What To Expect When You’re 33 Weeks Pregnant
Your baby is the size of a pineapple!
In The Guide
By now, you’re probably started to have people comment on your belly. You’d better get used to it because a pregnant belly seems to act as the ultimate conversation starter.
This week is all about size and how to deal with some of these unwanted comments. Here we go!
Weighing in at just over a pound, your baby is just over 11 inches from the top of the head to the soles of those little feet.
In the begging, most babies start out with similar growth pace. As the pregnancy progresses, your baby becomes his/her own person more than you can imagine.
This influences growth rate, too. For this reason, size averages become even more… average, per se.
Belly Size – For some reason, when many people comment on the size of a pregnant belly they tend not to think before speaking. No one likes to hear comments about how big or small they are, and pregnant women are the same way.
You might hear that you’re too small, too big, carrying twins (when you’re not), or an array of other judgmental comments.
As annoying as these comments can be, remember that you can always deliver a witty and confident comeback about how your doctor says you’re right on track and you’re not worried a bit.
If you are worried, of course, talk to your doctor about your concerns.
Fundal Height – Like mentioned in previous weeks, your doctor will start measuring your belly each visit starting at about week 20.
The measurement is from the top of the uterus to your pubic bone. This is known as your fundal height.
When you measure either big or small, your doctor will look into the reason why. It could be that your due date is off or something different altogether.
Some women find this measurement to cause anxiety. Keep in mind that each baby is as unique as each pregnancy. Average is still average, and not being average doesn’t necessarily mean something is wrong.
Breast Size – Whether or not you plan to breastfeed your baby, your breasts haven’t gotten that particular memo. They’re under strict orders from the hormones guiding your body through this pregnancy.
This means that they’re going to prepare to feed your growing baby. The result of this preparation is often that your breast size significantly increases. And, this growth might result in some unwanted glances… err, stares from other people.
Not that you can always cover the girls up and hide them completely, but if the uninvited looks bother you, feel free to protect your self-esteem by wearing clothes that make you feel comfortable. You can even stare back if you’d like!
You are now five months and one week pregnant, mama!
It’s only natural for people to start asking you when you’re due now that you’re obviously pregnant.
Some women are totally fine with sharing their due date. But, if that’s not you then just tell them you have a little over four months to go.
They can do the math themselves.
Your baby looks very much like a little doll right now. All his/her little parts are formed, they’re just itty-bitty. Plus, your baby’s skin is wrinkly and will be until he/she fills out a little more.
Although it’s not visible on an ultrasound, the lanugo hair covering your baby’s body sometimes turns darker around this time.
One significant development is your baby’s pancreas. This organ plays an essential part in insulin production and is entering the last stages of development now.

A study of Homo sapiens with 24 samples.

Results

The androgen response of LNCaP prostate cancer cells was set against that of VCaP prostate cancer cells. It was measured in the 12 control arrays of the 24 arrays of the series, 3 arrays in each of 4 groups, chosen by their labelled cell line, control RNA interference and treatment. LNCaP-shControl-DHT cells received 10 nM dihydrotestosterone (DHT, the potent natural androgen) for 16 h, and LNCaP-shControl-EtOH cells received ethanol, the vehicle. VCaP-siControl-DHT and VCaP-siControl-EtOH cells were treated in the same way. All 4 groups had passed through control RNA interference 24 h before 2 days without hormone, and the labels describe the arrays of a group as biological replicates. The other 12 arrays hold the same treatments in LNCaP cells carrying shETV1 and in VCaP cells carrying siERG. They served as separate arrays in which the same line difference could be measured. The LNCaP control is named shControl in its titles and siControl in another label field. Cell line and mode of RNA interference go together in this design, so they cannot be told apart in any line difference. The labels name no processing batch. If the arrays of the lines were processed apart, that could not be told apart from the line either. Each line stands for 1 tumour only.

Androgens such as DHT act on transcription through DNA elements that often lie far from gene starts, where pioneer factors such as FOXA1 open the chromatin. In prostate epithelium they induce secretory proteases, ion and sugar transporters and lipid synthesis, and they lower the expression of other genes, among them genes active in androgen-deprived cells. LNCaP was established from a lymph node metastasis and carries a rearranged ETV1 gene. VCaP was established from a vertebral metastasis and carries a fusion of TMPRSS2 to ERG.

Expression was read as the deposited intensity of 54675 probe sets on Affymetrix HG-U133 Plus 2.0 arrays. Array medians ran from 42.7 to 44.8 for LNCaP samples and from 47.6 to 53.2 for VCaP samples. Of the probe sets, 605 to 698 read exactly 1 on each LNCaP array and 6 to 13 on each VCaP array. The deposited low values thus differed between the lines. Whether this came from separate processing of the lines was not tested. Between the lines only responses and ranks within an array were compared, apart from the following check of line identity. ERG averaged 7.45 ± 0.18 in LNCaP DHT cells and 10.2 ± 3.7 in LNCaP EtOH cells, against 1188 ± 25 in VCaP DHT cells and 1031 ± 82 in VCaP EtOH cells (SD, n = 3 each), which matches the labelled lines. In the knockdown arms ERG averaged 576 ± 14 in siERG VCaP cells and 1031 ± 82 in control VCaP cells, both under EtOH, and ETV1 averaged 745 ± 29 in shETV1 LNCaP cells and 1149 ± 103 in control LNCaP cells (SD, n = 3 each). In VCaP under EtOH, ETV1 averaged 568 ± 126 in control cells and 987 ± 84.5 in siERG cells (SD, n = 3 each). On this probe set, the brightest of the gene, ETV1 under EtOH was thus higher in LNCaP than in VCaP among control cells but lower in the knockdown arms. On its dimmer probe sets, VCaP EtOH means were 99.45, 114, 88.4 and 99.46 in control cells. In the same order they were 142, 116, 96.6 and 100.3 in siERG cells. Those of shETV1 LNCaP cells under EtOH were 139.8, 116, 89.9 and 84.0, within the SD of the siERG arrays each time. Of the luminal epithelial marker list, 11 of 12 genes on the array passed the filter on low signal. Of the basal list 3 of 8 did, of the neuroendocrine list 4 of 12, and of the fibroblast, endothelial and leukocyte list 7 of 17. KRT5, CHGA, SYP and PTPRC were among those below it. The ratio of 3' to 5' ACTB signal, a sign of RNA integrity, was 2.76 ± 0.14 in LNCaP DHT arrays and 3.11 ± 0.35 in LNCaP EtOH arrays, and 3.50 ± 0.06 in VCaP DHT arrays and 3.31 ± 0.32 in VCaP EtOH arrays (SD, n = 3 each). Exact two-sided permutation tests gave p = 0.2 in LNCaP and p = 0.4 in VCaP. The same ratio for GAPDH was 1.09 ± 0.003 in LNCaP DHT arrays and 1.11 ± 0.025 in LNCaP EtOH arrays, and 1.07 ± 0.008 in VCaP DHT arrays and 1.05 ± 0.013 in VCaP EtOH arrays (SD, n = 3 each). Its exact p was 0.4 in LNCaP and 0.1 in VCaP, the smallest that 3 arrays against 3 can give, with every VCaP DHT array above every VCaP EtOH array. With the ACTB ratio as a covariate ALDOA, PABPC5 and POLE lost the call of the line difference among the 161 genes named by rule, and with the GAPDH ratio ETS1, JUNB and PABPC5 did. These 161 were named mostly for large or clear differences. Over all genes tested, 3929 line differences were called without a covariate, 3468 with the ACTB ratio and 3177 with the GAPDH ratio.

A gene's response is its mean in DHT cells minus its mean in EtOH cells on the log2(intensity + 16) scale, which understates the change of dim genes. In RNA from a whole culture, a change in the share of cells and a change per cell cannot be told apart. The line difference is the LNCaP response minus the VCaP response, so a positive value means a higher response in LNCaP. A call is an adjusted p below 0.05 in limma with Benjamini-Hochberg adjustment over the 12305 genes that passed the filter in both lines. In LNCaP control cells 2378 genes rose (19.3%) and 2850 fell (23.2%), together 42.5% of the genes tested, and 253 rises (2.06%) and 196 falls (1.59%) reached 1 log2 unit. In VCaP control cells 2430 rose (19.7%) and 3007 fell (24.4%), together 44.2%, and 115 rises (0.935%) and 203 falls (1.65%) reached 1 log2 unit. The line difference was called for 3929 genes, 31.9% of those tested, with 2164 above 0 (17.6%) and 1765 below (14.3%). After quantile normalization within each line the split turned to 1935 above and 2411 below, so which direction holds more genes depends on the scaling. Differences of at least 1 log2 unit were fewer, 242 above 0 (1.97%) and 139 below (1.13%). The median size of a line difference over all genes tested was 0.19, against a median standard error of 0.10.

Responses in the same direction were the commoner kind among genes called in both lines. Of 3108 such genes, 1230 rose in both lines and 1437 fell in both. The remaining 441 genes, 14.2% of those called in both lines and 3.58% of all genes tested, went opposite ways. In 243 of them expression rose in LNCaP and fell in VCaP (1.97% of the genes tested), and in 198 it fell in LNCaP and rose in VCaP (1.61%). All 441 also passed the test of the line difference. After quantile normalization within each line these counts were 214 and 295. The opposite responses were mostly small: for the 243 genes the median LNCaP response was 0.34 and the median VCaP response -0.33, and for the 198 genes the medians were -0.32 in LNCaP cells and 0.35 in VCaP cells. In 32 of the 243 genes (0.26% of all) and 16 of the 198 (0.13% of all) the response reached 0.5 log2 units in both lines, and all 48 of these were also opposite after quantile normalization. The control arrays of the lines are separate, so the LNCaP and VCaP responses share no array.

Your belly is serving as a miniature playground for your little baby. He/she can sense sound and light from inside your womb.
There’s a good chance that your baby is even responding to it, especially the sound of your voice.
Right now there’s a fair amount of amniotic fluid in your womb acting as a tiny pool for your baby to swim around in. Should you rub on your belly, you can probably get some sort of response from your baby.
Leaky Breasts – As you near the end of your second trimester, your breasts are going to undergo yet another change.
In a few weeks, they will start producing colostrum, which is the first “milk” that you will produce when your baby starts nursing. It’s thick and yellowish in color.
Many women start leaking colostrum before birth. So, if your breasts suddenly turn into faucets, grab a couple of breasts pads to soak it up.
Mood Swings – Feeling emotional is a perfectly normal part of pregnancy. And, you have little control over the way your hormones cause your body to feel.
In fact, the level of hormones in your body changes so dramatically during your pregnancy that it’s hard to predict how you’ll feel each new week or even new day.
What we do know is that this week is typical for emotions to be on high alert.
Although pregnancy emotions can be challenging to deal with, try to take it all in stride and handle each emotion as it comes to you.
Water Retention – The blood circulation in your legs is a little on the slow side nowadays. This lack of circulation might cause your feet and ankles (and sometimes your hands) to swell during this part of pregnancy.
It’s called edema. Most of the time it’s harmless and can be relieved by lowering your sodium intake and taking a break with your feet up.
If sudden or excessive swelling occurs, please call your doctor. It could be the early signs of a condition known as preeclampsia.
There’s a good chance that your babies are starting to move a lot more now that they’re getting bigger. In addition to their growth, they’re able to sense your environment, as well.
Hearing noises and seeing a form of light through your skin, they are likely responding in their own unique way.
Your fingers might be swelling a little bit at this point. A little swelling is normal (as mentioned above) but extreme and sudden swelling is a red flag.
Should your rings be feeling a little snugger lately then remove them and put them away until after you give birth.